Photograph by Joel Sartore, National Geographic Photo Ark

Photograph by Joel Sartore, National Geographic Photo Ark

Antillean manatee


What is the Antillean manatee?

The Antillean manatee is among the more mysterious of the manatees—slow-moving yet graceful swimmers that are lovingly nicknamed "sea cows." It's a subspecies of American manatee, which also includes the better known Florida manatee that resides along the eastern coast of the United States. Unlike its sister subspecies, the Antillean manatee primarily lives in the tropical and subtropical zone from the Bahamas to Brazil. Its dwindling numbers have led to its endangered designation on IUCN's Red List. Conservation groups say that this manatee is particularly difficult to protect because relatively little is known about it.

Habitat and diet

While Antillean manatees are found in shallow coastal waters throughout the Caribbean and Gulf of Mexico, their most important habitat is found along the coast of Belize, where they swim in the country's rivers, lakes, lagoons, and coastal marine environments, including seagrass, mangrove, and coral reef ecosystems. These environments provide a critical system of pathways that manatees use to access the different places where they eat, drink, rest, mate, and nurse their young. Antillean manatees are able to stay in salty marine or estuarine environments for extended periods, but they do need access to freshwater.

As herbivores, Antillean manatees rely mainly on seagrass for their diet. These flowering underwater plants flourish throughout their habitat. The subspecies has also been known to eat algae and other plants, as well as the occasional accidental ingestion of an invertebrate.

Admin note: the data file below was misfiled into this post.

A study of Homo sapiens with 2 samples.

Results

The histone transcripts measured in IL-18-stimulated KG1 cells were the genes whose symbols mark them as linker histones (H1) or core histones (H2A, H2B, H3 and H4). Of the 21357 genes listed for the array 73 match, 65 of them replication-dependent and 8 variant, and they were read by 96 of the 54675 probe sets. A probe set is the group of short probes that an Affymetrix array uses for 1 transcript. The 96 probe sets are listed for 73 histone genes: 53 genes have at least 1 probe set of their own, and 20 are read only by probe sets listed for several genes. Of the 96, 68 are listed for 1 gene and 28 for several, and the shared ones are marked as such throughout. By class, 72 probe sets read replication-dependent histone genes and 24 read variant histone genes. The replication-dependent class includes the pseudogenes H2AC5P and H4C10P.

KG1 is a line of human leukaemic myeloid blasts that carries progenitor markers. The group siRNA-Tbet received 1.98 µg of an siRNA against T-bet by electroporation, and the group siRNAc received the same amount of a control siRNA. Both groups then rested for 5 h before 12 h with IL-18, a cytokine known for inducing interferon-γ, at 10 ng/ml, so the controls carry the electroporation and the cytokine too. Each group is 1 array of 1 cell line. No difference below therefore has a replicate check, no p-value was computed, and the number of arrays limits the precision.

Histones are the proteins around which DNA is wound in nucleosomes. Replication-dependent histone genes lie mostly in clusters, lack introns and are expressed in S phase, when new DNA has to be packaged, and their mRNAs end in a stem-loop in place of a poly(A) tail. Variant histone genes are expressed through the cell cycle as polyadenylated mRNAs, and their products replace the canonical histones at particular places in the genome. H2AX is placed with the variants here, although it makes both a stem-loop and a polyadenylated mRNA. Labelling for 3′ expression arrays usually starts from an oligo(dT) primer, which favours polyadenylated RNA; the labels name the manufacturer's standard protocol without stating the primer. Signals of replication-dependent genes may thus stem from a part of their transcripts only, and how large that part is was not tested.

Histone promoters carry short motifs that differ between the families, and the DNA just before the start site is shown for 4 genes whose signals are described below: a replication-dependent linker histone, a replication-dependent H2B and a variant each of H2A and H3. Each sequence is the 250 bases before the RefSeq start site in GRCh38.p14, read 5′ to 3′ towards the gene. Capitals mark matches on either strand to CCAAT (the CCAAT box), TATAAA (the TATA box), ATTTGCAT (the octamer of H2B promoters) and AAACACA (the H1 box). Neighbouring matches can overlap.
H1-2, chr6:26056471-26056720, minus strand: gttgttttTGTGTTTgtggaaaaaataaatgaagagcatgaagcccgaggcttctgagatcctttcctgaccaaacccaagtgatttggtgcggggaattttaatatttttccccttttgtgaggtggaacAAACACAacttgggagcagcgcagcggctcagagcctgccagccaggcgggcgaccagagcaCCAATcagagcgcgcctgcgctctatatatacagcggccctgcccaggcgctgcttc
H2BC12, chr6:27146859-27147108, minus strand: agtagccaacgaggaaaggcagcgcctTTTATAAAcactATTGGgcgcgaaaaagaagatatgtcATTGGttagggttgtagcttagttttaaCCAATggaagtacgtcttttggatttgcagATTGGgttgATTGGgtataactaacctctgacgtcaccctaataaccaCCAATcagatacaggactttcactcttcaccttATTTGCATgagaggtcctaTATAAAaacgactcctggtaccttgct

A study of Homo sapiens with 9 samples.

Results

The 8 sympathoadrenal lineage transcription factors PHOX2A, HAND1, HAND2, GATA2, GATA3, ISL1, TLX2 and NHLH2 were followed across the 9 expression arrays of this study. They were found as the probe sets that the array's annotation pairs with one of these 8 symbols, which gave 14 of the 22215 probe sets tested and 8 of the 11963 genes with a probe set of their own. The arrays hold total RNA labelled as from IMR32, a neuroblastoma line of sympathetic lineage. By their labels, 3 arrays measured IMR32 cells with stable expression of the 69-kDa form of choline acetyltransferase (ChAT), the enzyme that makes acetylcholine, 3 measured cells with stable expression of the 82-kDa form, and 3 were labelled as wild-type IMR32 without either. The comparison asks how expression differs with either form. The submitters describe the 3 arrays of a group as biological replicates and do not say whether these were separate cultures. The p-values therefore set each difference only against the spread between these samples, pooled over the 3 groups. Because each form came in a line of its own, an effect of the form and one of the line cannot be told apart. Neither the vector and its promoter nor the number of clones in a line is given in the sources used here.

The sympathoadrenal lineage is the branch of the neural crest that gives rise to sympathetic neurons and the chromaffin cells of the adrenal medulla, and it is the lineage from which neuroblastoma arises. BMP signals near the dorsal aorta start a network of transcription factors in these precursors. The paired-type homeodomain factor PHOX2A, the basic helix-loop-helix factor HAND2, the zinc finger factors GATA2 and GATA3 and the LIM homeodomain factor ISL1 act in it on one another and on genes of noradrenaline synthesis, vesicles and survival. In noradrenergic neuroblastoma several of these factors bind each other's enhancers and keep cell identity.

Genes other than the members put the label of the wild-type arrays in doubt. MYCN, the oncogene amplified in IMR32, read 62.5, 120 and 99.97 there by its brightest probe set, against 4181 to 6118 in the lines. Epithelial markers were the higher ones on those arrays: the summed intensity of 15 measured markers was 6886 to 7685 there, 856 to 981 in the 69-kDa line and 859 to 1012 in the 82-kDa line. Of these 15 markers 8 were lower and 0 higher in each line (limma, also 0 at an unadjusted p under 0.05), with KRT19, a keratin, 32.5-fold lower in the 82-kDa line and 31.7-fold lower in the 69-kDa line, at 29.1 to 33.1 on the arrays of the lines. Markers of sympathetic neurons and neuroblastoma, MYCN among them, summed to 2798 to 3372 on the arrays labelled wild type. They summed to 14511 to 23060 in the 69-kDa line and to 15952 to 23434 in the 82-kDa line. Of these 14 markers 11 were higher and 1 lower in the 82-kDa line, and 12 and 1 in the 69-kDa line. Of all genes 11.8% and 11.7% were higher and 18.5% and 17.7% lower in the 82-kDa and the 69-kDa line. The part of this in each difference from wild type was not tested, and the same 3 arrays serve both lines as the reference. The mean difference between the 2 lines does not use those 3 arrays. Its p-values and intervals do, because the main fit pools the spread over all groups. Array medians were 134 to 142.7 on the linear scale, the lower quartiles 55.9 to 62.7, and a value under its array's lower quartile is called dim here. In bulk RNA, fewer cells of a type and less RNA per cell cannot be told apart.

Behavior and reproduction

Antillean manatees have not developed strategies for avoiding predators because they simply don’t have many. Whales and sharks generally prefer deeper waters, leaving humans as their primary threat. Without the need to flee predators, manatees can afford to move as slowly as they do, at about five miles per hour.

Manatees are generally solitary aside from breeding season, when they come together in mating herds. But they don’t produce many offspring: Breeding females give birth to about one calf every two years, a low rate that has contributed to their dwindling population.

Threats to survival

Scientists estimate that fewer than 2,500 adult Antillean manatees remain in the wild, but that figure has been difficult to confirm as their populations are "patchy and fragmented." Humans pose the greatest threat: Not only has pollution from agriculture and mining degraded the mammals' habitat, but an increase in human activities—like tourism, fishing, and farming—have also had dire consequences. Antillean manatees have been found entangled in fishing nets or killed in collisions with watercraft. Poachers, too, are a threat. Though this practice has curbed somewhat in recent years, Antillean manatees are sometimes hunted for their meat.

Conservation

There are efforts underway to save the manatee, many inspired by the better-known Florida manatee, which is also endangered. But the Antillean subspecies has had its own advocates.

In Belize, National Geographic Photo Ark EDGE Fellow Jamal Galves is an associate research biologist with the manatee conservation program at the Clearwater Marine Aquarium. His team provides the Belizean government with the data it needs to establish manatee sanctuaries, reduce watercraft speed limits, and fight poaching. The organization also educates local communities about Antillean manatees in hopes that they too will join in the conservation effort.